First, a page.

Join the Cause at Paulette’s C of Blue
Sunday, May 5, 8:30 a.m.-1 p.m.
Join the fight against colorectal cancer at this 10th anniversary event featuring a 5K/1K run or walk plus fitness demos, gift raffles, health screenings, fundraising prizes, children’s activities, and vendors. $20 fee for run/walk; festival is free. To register, visit centrastatefoundation.org.
Michele Moussa doesn’t have a family history of cancer. She eats well, avoids red meat, exercises often, and has never smoked. When a colonoscopy revealed a cancerous mass after several months of gastrointestinal issues, she was blindsided.
Michele, 44, a Cranbury resident and mother of two, began experiencing bloating, nausea, and blood in her stool last summer. A doctor attributed the symptoms to a hemorrhoid that had burst. When she still experienced discomfort several weeks later, she sought an opinion from Colin Brown, MD, a board-certified gastroenterologist on staff at CentraState, who performed a colonoscopy.
“It was hard to process when I woke from the procedure and Dr. Brown said that they had found a mass,” Michele remembers. “It’s not news you want to hear.”
Dr. Brown called his colleague, Thomas Kayal, MD, a colorectal surgeon, who saw Michele the next day. He ordered a CT scan to determine if it was cancer and to see if it had spread to other parts of her body. Based on the images, Dr. Kayal decided to perform robotic surgery with the da Vinci Xi® robotic surgery system to remove the mass, along with two feet of Michele’s colon. Postoperative testing determined that it was stage 2 colorectal cancer.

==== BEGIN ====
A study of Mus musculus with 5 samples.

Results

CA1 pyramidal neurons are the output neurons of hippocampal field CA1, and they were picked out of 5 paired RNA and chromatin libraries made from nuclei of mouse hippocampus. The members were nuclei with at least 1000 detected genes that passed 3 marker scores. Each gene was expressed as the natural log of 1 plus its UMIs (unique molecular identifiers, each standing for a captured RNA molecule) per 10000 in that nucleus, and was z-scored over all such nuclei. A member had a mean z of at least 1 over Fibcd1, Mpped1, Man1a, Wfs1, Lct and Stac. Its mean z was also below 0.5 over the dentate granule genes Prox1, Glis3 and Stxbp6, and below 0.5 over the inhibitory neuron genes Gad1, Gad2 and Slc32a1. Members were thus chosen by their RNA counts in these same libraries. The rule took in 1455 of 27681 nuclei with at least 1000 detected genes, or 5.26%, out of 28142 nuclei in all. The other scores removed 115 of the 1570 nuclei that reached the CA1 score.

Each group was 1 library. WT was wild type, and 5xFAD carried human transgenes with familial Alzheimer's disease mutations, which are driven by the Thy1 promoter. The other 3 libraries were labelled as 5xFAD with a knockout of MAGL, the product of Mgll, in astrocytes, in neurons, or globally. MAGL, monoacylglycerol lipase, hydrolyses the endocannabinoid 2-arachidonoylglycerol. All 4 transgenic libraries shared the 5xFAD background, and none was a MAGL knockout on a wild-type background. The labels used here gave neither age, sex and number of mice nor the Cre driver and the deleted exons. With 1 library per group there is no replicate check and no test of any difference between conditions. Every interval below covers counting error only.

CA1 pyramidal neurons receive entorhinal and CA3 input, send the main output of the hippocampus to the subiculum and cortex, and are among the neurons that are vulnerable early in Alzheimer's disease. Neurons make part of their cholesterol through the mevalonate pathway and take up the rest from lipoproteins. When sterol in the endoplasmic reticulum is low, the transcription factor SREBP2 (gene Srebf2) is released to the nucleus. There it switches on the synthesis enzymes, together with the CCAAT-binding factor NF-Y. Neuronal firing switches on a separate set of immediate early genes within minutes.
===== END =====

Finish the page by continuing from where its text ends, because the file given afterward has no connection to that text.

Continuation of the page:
“Michele was an excellent candidate for robotic surgery,” Dr. Kayal explains. “She was discharged from the hospital just two days after having a major surgical procedure. With traditional open surgery, she would have been in hospital for five days followed by four to six weeks of recovery time.”
Because all of the mass was removed, Michele didn’t need radiation or chemotherapy. Moving forward, she’ll have a colonoscopy every year and see an oncologist every three months as a precautionary measure. She’s grateful that Drs. Brown and Kayal were aggressive in finding and treating her cancer.
“If I hadn’t listened to my body, this would have been a much different situation,” says Michele, who teaches barre exercise classes. “Nobody wants to discuss their bowel habits, but it’s something that we need to talk about.”
She’s now an advocate for colorectal cancer awareness, using social media to share information about the disease with friends and family.
“Colorectal cancer can be a silent killer, because most people don’t learn that they have it until it’s stage 3 or 4 and much more difficult to treat,” she adds. “You can’t cure what you haven’t found, so don’t ignore the symptoms.”